DOI: 10.1055/s-0034-1397334
Author(s):
Carolina Bothe, Alejandro Fernandez, Jacinto Garcia, Montserrat Lopez, Xavier León, Miquel Quer, Joan Lop
Key words:
parotid gland - adenolymphoma - PET scan - cigarette smoking
Abstract:

Introduction: Parotid gland incidentalomas (PGIs) are unexpected hypermetabolic foci in the parotid region that can be found when scanning with whole-body positron emission/computed tomography (PET/CT). These deposits are most commonly due to benign lesions such as Warthin tumor.

Objective: The aim of this study was to determine the prevalence of PGIs identified in PET/CT scans and to assess the role of smoking in their etiology.

Methods: We retrospectively reviewed all PET/CT scans performed at our center in search of PGIs and identified smoking status and standardized uptake value (SUVmax) in each case. We also analyzed the database of parotidectomies performed in our department in the previous 10 years and focused on the pathologic diagnosis and the presence or absence of smoking in each case.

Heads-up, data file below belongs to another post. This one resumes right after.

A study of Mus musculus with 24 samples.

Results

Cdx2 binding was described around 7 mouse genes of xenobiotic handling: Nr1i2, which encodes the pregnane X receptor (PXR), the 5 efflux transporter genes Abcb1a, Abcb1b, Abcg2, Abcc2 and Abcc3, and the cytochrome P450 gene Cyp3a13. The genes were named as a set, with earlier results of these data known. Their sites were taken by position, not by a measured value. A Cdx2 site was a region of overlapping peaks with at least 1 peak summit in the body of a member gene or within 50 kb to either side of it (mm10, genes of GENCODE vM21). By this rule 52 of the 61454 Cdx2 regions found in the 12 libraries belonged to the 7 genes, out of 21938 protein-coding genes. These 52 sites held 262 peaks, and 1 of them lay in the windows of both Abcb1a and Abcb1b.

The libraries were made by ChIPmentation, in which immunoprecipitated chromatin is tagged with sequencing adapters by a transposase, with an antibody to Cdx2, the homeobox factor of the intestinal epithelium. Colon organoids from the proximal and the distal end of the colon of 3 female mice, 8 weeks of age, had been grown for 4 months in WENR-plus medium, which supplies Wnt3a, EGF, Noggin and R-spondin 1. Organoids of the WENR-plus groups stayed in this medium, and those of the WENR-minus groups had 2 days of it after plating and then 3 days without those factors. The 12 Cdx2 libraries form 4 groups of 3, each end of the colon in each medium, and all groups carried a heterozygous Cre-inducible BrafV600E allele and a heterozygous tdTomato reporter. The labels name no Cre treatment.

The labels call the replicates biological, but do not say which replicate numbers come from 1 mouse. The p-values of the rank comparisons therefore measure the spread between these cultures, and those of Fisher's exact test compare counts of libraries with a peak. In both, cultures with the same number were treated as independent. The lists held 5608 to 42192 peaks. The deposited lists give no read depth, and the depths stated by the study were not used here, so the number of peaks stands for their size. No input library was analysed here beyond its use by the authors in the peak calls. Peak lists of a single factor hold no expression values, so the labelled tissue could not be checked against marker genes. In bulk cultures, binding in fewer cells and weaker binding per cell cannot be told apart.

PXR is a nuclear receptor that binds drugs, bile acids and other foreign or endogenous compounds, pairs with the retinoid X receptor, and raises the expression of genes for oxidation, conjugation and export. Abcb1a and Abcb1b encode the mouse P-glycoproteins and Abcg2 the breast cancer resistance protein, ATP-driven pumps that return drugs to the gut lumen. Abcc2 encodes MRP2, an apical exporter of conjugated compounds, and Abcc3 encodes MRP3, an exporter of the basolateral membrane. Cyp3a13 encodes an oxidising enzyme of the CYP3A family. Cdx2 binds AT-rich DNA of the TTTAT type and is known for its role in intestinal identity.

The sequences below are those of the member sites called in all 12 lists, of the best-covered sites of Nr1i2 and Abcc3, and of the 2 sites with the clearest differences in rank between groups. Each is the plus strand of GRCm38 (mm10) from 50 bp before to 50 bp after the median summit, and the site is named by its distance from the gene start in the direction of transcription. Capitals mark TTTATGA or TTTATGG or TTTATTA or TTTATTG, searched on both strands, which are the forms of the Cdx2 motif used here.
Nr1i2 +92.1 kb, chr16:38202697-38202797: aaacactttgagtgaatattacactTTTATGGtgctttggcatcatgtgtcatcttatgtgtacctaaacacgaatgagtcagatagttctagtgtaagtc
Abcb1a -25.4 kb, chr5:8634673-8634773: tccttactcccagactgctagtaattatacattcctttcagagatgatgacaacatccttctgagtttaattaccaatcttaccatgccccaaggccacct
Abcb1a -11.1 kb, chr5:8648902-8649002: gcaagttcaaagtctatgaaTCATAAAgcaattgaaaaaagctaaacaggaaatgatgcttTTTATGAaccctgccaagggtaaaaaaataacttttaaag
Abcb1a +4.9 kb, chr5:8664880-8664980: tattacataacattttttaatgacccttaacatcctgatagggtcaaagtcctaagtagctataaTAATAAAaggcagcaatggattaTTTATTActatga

Results: Sixteen cases of PGIs were found in 4,250 PET/CT scans, accounting for 0.4%. The average SUVmax was 6.5 (range 2.8 to 16). Cytology was performed in five patients; it was benign in four cases and inconclusive in one case. Thirteen patients had a history of smoking. Of the parotidectomies performed in our center with a diagnosis of Warthin tumor, we identified a history of smoking in 93.8% of those patients.

Conclusions: The prevalence of PGIs on PET/CT was similar to that reported by other authors. Warthin tumor is frequently diagnosed among PGIs on PET/CT, and it has a strong relationship with smoking. We suggest that a diagnosis other than Warthin tumor should be considered for PGIs in nonsmokers.